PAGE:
Graphic images: Sheep killed and injured in recurring dog attacks
A group of sheep was attacked by a pack of dogs on two separate occasions leading to the death of eight ewes due to lamb in the space of two days, with several others injured.
The incidents took place in Co. Cavan, on the farm of Daphne Scott.
Taking to social media to highlight the severity of the attacks, Scott posted a message detailing the killings, with some graphic photographs.
“On Saturday afternoon my sheep were attacked by dogs; six were killed and six were injured. The following morning a dog returned and killed another one, and one of the injured died.
I have lost eight ewes that were due to lamb at the end of the month. My other ewes are terrified and will probably abort their lambs.
Accompanying the post with a number of pictures, Scott urged the public to look at the images of her slaughtered sheep.
Addressing dog owners, she said: “This is what your dog can do if you do not keep them at home or in your sight at all times…
“These are defenceless animals that cannot protect themselves and scare easily.
“They don’t deserve this abuse,” she said.
Speaking to AgriLand about the recurring attacks, Scott was asked if she recognised the dog briefly seen in the field on Sunday morning.
“We kind of have an idea but we’re not sure yet; we caught a quick glimpse of him Sunday morning but he was gone like a bullet as soon as he saw us.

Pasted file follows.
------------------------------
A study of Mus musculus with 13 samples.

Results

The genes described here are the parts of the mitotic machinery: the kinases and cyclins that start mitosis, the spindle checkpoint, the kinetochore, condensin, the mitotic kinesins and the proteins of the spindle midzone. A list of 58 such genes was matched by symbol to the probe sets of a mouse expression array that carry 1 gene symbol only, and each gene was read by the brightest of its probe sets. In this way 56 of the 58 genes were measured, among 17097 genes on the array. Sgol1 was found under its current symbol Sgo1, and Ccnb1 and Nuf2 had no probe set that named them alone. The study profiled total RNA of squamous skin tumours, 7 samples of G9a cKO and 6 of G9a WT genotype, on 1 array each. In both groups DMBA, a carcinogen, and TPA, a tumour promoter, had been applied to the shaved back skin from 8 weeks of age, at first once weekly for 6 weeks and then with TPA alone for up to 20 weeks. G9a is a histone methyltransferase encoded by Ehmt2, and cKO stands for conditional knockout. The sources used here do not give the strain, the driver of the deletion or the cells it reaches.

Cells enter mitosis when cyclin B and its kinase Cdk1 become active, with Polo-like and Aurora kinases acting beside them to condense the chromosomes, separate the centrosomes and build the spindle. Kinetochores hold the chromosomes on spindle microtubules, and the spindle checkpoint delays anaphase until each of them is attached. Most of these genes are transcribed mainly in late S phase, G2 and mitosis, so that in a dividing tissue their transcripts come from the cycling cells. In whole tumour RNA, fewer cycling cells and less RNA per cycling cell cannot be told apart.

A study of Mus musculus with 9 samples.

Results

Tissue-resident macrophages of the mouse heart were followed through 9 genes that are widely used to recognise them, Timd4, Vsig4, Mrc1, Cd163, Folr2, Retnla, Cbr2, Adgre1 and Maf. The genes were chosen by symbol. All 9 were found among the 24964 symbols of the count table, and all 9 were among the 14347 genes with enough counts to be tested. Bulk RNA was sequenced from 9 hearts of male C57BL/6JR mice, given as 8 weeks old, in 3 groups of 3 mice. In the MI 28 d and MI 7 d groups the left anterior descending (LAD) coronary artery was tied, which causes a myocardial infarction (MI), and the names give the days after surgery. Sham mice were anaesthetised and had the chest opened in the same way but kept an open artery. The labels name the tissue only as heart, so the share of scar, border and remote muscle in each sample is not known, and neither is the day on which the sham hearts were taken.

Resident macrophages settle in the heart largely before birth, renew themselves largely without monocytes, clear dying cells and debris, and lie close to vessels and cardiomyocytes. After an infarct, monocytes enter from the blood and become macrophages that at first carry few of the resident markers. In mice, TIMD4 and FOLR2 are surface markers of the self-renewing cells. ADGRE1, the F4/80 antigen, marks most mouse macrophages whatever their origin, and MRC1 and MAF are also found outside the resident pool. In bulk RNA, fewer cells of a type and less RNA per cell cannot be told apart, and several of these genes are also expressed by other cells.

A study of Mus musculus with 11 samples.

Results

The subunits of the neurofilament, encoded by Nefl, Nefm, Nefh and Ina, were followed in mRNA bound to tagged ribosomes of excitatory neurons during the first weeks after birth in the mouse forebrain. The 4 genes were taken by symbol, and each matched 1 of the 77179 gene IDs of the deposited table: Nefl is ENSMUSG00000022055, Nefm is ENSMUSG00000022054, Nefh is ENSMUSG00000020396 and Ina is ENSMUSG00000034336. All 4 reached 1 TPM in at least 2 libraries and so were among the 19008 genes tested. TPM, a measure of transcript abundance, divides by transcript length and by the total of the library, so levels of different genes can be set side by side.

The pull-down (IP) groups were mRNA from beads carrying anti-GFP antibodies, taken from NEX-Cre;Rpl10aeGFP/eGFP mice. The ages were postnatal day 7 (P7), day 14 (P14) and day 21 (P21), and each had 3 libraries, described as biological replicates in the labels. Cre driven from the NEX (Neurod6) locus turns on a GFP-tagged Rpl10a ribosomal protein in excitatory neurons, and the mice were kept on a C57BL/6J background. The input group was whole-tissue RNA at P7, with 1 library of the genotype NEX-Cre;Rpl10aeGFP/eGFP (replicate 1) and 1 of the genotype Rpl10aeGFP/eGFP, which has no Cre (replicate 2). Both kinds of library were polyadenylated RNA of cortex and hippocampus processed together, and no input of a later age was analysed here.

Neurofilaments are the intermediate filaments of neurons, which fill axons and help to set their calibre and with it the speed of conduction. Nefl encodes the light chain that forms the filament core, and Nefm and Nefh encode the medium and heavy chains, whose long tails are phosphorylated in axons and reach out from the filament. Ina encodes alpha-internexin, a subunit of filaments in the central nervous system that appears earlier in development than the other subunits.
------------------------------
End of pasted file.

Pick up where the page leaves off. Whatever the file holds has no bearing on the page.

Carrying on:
“We think there could have been more than one on the Saturday to do that much damage. It was in a short enough window of time too.
Owners must be responsible for their dogs. There’s still five sheep injured in the shed. There’s one that still hasn’t got up and the rest are stitched back together.
“There’s going to be more lambs aborted and dead lambs now too. Hopefully, they’re all starting to eat and pick at stuff now so hopefully with time they will come with a bit of luck.
“I have the whole flock in; I can’t let them out until I know them dogs are gone. There’s only so long you can keep them in for.”
Scott expressed her fears of what would happen if the dogs should come back to find in-lamb ewes back in the fields.
“It’s very hard, even if we got the dog itself. It’s even worse knowing that you don’t know where you stand.”
The Cavan farmer explained that the Gardai were unable to do much given the circumstances.
“The dog warden was out with me but can’t do a lot until I prove what dog it was. It’s very hard to do that unless you get them shot in your field or get a better look at them.
“It was about 4:30pm, 5:00pm – it was just getting dark and then we had to root around in the dark trying to find them.
There were only 17 in the field when I went to it out of the 40; we had to try and find the rest. They were in chutes and briars and everything. They were scattered around across three or four different fields.
“It’s twice as much work; instead of just going and looking at your sheep once a day in the field you have to check them constantly to see are they alright; try and get them settled and keep them in.”